The peacock had been living happily in the Virginia Park neighborhood, and favored a spacious backyard. The owner of the home fed him regularly, and soon enough hewas a regular fixture in the community.
The owner of the home, however, moved away – and the house was set to be demolished by a company who purchased the lot. A neighbor posted to Nextdoor with their concerns for the colorful bird, asking if neighbors should relocate him to a wildlife sanctuary.
While neighbors deliberated, the home was demolished, leaving the peacock to survive in sparse brush and a single tree on the now-vacant lot. Neighbors delivered fruit and bread to the peacock every day, and lovingly named him Big Bird.
The construction became too much for Big Bird. While neighbors worried over his fate, he abandoned the lot he called home, settling in another yard – where the owners weren’t thrilled to have him.
Neighbors persisted, sharing ideas on Nextdoor of how to safely capture Big Bird and find him a more permanent – and suitable – home. One neighbor referred a man with a 4-acre farm who would be able to give Big Bird a home. Others jumped in, offering to help trap Big Bird. Thanks to the discussion, neighbors finally settled on a young trapper for the job.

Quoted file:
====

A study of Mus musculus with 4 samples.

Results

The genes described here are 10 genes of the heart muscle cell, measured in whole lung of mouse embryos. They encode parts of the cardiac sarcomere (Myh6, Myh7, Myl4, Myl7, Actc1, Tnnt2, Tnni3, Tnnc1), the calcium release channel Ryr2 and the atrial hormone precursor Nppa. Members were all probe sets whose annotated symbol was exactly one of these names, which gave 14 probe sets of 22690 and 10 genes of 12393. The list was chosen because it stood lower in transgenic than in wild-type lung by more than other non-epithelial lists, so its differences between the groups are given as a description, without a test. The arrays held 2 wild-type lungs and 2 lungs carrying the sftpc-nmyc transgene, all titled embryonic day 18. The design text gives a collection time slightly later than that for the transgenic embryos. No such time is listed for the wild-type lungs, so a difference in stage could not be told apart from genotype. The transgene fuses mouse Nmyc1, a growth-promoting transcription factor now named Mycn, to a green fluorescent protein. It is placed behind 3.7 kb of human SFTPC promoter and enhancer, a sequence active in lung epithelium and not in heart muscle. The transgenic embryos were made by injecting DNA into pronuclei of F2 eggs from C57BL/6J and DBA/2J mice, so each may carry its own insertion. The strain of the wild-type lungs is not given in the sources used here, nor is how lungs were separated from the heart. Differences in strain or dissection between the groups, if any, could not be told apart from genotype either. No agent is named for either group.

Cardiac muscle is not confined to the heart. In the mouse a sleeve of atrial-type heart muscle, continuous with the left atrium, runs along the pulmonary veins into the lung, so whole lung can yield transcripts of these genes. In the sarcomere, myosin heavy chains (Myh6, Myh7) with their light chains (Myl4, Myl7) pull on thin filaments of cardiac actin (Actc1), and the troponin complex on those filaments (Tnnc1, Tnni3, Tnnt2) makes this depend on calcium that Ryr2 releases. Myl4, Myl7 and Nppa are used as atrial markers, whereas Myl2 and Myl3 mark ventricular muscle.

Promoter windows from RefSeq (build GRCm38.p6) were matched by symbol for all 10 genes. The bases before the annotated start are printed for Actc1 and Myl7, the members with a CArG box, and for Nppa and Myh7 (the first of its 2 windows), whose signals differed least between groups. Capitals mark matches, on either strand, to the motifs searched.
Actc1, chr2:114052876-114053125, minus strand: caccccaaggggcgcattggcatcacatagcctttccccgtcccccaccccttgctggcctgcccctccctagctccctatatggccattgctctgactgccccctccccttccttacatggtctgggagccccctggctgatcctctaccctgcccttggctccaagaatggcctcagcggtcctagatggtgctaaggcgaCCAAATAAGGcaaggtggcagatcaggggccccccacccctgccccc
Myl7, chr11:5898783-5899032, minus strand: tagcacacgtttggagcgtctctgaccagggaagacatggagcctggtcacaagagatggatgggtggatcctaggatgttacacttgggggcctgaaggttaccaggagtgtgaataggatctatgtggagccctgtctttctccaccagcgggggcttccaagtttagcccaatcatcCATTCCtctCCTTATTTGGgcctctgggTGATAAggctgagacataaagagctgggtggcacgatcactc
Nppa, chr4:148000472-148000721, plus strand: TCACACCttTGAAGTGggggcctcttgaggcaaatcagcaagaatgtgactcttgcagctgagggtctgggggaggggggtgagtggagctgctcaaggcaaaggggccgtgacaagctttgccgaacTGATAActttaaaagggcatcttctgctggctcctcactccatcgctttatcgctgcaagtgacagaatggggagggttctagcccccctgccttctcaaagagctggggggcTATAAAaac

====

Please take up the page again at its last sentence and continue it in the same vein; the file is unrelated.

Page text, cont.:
“The bird was just boogeying around the neighborhood, and the trapper was leaping all these fences,” a neighbor recalled.
Finally, neighbors cornered Big Bird on a porch, wrapped him in a soft sheet, and whisked him to the spacious farm. A neighbor drove the truck, while the trapper sat in the back, helping Big Bird drink water out of a bottle along the way.
Big Bird’s new home proved to be an oasis for a bird like him: there were horses, cows, pigs, and at least two other free-roaming peacocks.
Big Bird was placed in a pen temporarily so he could get used to the sights of the farm, his new neighbors, and a more routine feeding schedule.
“He was walking around, bullying chickens,” one neighbor said. “He took it better than neighbors did.”
Big Bird is now living happily on the farm, and neighbors plan to visit occasionally to see their colorful ex-neighbor. As one neighbor put it: “I’m happy it worked out.”
Originally reported by the Tampa Bay Times.